WITH Iran tensions simmering and a tireless cheerleader in Number 10, arms companies have enjoyed a bumper start to 2020.
Qassem Soleimani’s assassination earlier this month saw the world’s nine largest listed arms companies see their market value grow by £14bn in seven days.
The Iranian retaliation, though stunted by the accidental downing of passenger airliner, will no doubt see further business opportunities amid a renewed Middle East arms race.
READ MORE: UK Arms Sales to Saudi Arabia rocket by 50%
Talking with Redaction News reporter James Moules, Andrew Smith of Campaign Against Arms Trade says he expects to see many regional powers increase arms imports.
He told Redaction News: “I expect we will see a lot of the regimes in the Middle East buying up new weaponry. I expect the Iranian arms industry will be working into overtime as well.
“You can guarantee that when the UN sanctions come to an end than certainly Russia and China will be trying to sell as much as they can to Iran as well.
“Because as long as there is tensions, as long as the situation is becoming more politically heated then for the arms dealers that’s a major business opportunity.
“They would have been watching the news of the airstrikes and popping the cork on their champagne bottle.”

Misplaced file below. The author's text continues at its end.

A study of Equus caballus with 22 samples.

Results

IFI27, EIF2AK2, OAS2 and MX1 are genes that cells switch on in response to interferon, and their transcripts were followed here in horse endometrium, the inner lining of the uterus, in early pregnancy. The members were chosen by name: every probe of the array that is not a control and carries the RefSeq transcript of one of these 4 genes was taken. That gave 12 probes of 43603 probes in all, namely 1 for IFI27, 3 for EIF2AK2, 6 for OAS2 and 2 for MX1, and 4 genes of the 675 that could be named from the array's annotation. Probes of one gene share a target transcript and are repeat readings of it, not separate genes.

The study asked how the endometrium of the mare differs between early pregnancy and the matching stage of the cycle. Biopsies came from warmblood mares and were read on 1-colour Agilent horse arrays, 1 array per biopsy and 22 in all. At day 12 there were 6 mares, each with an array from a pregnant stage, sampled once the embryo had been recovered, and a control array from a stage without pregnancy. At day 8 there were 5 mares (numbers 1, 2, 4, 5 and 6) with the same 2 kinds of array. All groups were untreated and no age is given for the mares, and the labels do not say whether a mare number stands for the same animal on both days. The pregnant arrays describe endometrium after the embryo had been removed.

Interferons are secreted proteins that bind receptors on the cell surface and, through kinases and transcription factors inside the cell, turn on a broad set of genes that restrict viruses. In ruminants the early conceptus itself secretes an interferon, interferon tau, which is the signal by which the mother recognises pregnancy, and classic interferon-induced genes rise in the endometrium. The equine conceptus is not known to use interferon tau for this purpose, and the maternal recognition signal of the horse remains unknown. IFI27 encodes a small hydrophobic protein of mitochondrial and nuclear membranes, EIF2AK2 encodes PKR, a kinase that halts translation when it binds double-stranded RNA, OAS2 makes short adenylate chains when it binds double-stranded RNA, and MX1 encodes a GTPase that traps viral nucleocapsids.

It come as Boris Johnson’s new government seems set to continue support the sales of British-made arms to Saudi Arabia.
The Conservative manifesto did not contain a promise to curtail the trade unlike other UK parties, including Labour who promise a Saudi arms sales ban.
Indeed the country’s top arms producers- Babcock, BAE systems and QinetiQ – saw steep share price rises within hours of the Tory victory being confirmed.
Smith has argued these arms companies have been very happy with the result of the election, because in the last Parliament there was a lot of scrutiny of UK arms sales.
He said: “The arms company bosses will have breathed a sigh of relief when Boris Johnson secured his majority.”
Smith says arms dealers want a Government “who will continue to arm and support human rights abusing regimes while adopting a militaristic foreign policy and spending billions on weapons and needless military equipment.”
He added: “A different Government could have posed a real challenge to the pro-war lobby. Now that Johnson is back is Downing Street, it’s more crucial than ever that campaigners across the country take action.”